The following is a guest post courtesy of Mark Hanf, co-creator of the The Appalachian Trail Game, October 6, 2015 in Thru-Hiking Culture
After Scott Jurek’s highly publicized, record setting hike and Robert Redford bringing A Walk in the Woods to the silver screen, the AT community is anticipating a wave of newly inspired, potential thru-hikers on the trail this year. The Appalachian Trail Conservancy has been proactively planning to prepare for this surge in numbers. One of the unique responses that has emerged recently to the growing need for awareness about Leave No Trace practices is a fun board game that allows people to play and learn simultaneously. As one of the game’s designers, this project is close to my heart.
The Appalachian Trail Game started three years ago, when I crossed paths at a shelter with a teenager and his grandmother who had trashed the campsite. Plastic was burning in the fire, food was strewn in the woods, and trash was all over the ground. To be honest, my immediate reaction was anger.
I also noticed that the grandmother was in pain and holding her knee. It didn’t take long to realize that they were completely inexperienced hikers who had taken an extremely difficult route with far too much gear. Simply put, they didn’t know any better and I realized that I was taking for granted the training in low-impact camping and backpacking skills that I had growing up. I’m an Eagle Scout, and I could hear my leaders’ voices in my head saying, “pack it in, pack it out” and “leave every campsite better than you found it.” I offered to get water and help clean up the shelter. After talking with the grandmother about her injury, it was obvious that she needed to get off the trail, so I called for a shuttle at the next road crossing.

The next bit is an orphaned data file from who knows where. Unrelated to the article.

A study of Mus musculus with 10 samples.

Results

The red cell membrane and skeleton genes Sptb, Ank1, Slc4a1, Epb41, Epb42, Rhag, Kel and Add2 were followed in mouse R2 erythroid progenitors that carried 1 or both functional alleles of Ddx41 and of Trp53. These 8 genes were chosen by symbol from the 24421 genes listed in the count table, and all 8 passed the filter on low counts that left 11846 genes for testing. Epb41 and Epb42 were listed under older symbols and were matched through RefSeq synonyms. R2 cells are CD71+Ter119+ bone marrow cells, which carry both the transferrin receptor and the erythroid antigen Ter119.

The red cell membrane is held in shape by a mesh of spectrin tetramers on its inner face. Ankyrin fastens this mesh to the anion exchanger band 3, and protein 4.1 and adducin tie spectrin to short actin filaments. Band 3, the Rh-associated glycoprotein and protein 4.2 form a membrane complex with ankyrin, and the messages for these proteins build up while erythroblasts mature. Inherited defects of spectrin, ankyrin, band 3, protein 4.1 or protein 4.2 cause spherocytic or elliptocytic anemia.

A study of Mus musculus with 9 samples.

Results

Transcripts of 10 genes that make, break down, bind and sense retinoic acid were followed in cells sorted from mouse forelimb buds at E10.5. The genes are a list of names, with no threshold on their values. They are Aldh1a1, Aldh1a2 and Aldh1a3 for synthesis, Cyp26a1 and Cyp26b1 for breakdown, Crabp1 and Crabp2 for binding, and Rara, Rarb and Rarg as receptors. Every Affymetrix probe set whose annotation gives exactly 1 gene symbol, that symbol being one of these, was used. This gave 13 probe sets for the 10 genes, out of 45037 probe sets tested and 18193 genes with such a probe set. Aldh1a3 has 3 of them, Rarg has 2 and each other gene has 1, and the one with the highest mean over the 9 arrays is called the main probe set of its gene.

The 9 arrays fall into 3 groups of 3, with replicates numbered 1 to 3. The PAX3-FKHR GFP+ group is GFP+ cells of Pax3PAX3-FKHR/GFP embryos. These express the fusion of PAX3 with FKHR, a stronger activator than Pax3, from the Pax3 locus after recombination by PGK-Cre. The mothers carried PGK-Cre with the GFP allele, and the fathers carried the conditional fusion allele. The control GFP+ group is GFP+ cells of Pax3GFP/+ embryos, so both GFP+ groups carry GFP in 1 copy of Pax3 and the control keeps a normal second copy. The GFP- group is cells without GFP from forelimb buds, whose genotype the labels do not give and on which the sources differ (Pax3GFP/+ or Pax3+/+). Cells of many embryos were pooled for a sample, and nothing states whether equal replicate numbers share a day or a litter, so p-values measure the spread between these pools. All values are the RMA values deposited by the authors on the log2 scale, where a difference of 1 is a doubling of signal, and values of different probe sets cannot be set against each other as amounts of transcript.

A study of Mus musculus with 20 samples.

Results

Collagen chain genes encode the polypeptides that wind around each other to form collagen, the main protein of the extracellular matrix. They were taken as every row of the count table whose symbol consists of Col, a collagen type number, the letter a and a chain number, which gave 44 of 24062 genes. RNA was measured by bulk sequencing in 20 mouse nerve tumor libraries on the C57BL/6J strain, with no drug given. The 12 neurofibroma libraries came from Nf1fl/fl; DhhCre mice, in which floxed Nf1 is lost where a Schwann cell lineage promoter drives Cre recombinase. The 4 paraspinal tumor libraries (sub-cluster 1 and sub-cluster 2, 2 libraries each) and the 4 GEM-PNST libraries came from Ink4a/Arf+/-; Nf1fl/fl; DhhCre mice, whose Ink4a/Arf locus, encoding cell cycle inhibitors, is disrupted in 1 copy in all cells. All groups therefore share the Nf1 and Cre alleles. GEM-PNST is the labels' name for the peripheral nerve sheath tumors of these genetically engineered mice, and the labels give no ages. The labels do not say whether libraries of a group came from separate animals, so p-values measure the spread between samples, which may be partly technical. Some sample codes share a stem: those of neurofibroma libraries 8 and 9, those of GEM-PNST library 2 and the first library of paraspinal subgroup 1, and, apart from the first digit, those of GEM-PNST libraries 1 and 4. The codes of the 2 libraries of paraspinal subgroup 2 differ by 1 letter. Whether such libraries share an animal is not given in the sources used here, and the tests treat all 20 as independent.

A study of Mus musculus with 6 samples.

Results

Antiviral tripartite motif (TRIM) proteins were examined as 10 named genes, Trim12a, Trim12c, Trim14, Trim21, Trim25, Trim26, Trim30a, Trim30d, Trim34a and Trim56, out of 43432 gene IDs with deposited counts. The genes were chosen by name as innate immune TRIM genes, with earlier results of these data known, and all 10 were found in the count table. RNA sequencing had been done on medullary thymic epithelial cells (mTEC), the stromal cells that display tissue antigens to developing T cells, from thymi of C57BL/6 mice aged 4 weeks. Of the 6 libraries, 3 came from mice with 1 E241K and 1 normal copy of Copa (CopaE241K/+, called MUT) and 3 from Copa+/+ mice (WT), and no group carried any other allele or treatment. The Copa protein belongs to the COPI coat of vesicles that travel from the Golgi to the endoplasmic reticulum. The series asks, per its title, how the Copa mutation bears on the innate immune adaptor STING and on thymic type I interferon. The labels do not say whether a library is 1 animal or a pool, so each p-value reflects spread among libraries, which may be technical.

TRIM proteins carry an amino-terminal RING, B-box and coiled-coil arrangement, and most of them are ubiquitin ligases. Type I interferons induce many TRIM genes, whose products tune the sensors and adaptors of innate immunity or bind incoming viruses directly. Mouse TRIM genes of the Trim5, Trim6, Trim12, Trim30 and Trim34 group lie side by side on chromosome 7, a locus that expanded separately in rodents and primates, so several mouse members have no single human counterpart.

As I said goodbye to them and set out the next morning, a flood of ideas came rushing in about a board game that could help to teach the basic skills that would be essential to a safe, responsible, and ultimately enjoyable backpacking trip. What if this game was fun enough that people would want to play with their families and friends at home prior to coming out on the trail? The game could include basic first aid, plant and animal I.D. (including poisonous and medicinal varieties), essential gear items, navigation skills, and have a strong Leave No Trace ethic. It literally created itself as I walked.
Shortly thereafter, I received a small grant from the Appalachian Trail Conservancy to create the prototype of the game. After beta testing with schools and scout troops, it was obvious that we had something special and needed to share it with a wider audience. A small team of talented educators, artists, conservationists and backpackers formed to turn that prototype into a fully realized product.